More robust legislation needed
A bill that would have capped non-economic damages awarded in medical negligence tort cases to US$500,000 has been withdrawn by the Cayman Islands Government.
Lawyers and stakeholders advised it did not go far enough to have a meaningful effect on medical malpractice insurance premiums.
Instead, a more robust Medical Negligence (Non-Economic Damages) Bill will be brought forward for consideration.
“It was felt that while the Torts (Reform) (Amendment) Bill, 2011 would impose an appropriate cap on non-economic damages for cases of tort, there was concern that it would be ineffective against cases of medical negligence, which were brought under contract law,” Minister for Health, Environment, Youth, Sports and Culture Mark Scotland told the Legislative Assembly last week.
This could mean people would pursue much higher damages through breach of contract cases by side-stepping the tort law, he noted.
“I discussed this concern with our legal advisors in the Attorney General’s Chambers and they advised me that it was a concern that had merit and warranted further consideration.
“They subsequently advised that in order to effectively cap non-economic damages in medical negligence cases, including those arising from Tort and Contract law, it would be better to have a stand-alone piece of legislation that would address it rather than attempting to insert contract law into tort law.”
The torts reform amendment had been originally proposed due to local obstetricians facing significant increases in their medical malpractice insurance premiums, potentially threatening the feasibility of practices. At least one had opted to close, said Mr. Scotland,
“The concern for the general public, which was documented in the newspapers at the time, was whether there could be sufficient practicing obstetricians to meet our population’s needs, and whether we would ultimately see a situation where very few of us could actually have our children born here as there would not be sufficient practicing obstetricians to deliver the necessary care.”
Premiums had increased by 300 per cent in four years, partly as a result of insurers including Medical Protection Society believing that Cayman’s justice system was following a United States trend of moving toward more generous awards for non-economic damages.
The Torts (Reform) (Amendment) Bill was brought to the house in February, 2010.
It was given an impetus by Dr. Shetty’s mooted medical tourism facility. Clause 2.11(f) of the agreement between the government and the doctor states that the government undertakes to take the necessary steps to ‘limit malpractice/medical negligence awards… to a maximum of US$500,000 per individual case in respect of non-economic loss.’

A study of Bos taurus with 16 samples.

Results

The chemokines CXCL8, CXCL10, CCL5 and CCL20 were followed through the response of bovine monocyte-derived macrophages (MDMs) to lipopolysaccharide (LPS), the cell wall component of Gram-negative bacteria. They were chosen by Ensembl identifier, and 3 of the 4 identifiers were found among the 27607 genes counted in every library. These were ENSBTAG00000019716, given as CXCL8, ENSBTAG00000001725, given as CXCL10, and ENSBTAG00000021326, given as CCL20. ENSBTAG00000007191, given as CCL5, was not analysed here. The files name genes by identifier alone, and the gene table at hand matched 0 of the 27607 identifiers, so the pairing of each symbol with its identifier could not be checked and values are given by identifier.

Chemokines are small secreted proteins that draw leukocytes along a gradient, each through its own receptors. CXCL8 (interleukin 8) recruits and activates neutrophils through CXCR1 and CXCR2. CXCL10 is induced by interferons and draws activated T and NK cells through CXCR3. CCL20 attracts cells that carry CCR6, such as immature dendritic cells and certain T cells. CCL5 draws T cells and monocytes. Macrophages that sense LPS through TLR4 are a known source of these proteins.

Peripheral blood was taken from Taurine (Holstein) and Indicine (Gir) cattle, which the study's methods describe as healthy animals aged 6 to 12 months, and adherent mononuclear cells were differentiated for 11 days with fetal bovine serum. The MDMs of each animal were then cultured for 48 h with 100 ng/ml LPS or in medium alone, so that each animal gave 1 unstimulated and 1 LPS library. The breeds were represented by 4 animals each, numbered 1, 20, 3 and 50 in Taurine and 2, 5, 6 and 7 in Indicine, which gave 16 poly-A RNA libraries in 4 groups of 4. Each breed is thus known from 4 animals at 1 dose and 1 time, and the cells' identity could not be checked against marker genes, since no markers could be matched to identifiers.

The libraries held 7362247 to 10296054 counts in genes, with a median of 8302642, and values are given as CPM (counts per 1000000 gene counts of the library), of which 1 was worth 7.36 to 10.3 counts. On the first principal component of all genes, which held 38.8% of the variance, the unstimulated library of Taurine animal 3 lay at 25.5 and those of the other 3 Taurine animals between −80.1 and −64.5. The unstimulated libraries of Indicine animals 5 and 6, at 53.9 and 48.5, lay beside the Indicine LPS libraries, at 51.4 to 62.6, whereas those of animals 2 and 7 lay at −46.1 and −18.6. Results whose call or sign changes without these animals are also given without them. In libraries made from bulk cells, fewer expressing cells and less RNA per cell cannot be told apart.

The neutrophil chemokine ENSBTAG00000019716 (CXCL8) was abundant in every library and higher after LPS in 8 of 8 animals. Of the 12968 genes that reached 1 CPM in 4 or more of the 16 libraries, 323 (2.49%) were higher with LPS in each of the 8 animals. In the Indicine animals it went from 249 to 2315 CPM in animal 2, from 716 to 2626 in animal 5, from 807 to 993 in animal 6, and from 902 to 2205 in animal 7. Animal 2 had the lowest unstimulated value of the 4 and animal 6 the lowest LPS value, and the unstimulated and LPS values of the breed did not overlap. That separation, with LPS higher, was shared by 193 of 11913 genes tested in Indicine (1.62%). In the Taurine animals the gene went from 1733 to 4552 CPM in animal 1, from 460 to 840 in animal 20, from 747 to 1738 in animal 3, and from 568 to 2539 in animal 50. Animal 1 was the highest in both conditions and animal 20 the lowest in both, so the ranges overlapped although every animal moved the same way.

“[At] the time we were negotiating that agreement, Dr. Shetty’s insurers had already told him that unless there was such a cap in place his medical malpractice premiums would be significantly increased… [so much] as to put the economic feasibility of the project in doubt,” recalled Mr. Scotland.
The bill was Gazetted on 31 December. However, during the mandatory 21-day consultation period following its publication, concerns had been raised by stakeholders that the legislation did not go far enough to have a meaningful effect on the medical malpractice insurance premiums.
The replacement Medical Negligence (Non-Economic Damages) Bill, 2011 was published in the Gazette on 18 February and will be debated after its 21-day Gazette period has expired.
Mr. Scotland also said he wanted to take the opportunity to set the record straight regarding suggestions that Dr. Shetty had requested a cap because his staff would be substandard or act with a greater level of negligence than current healthcare providers.
“Dr. Shetty has assured this government that he intends to hire top class, internationally-respected, eminently experienced and highly-qualified practitioners. His business model depends on being able to provide, and in fact exceed, the level of expertise and care that his largest target client group, patients from the North American market, have come to expect from their healthcare providers and facilities.
“Dr. Shetty has an international reputation to protect and international and educated clients to care for – he is not going to risk his reputation or his financial success by running a substandard facility with substandard staff.”
Because of the sheer number of practitioners that the doctor would be employing when the project reached its full capacity of 2,000, any savings in medical malpractice insurance would significantly affect the bottom line. It was simple arithmetics or economics, he said.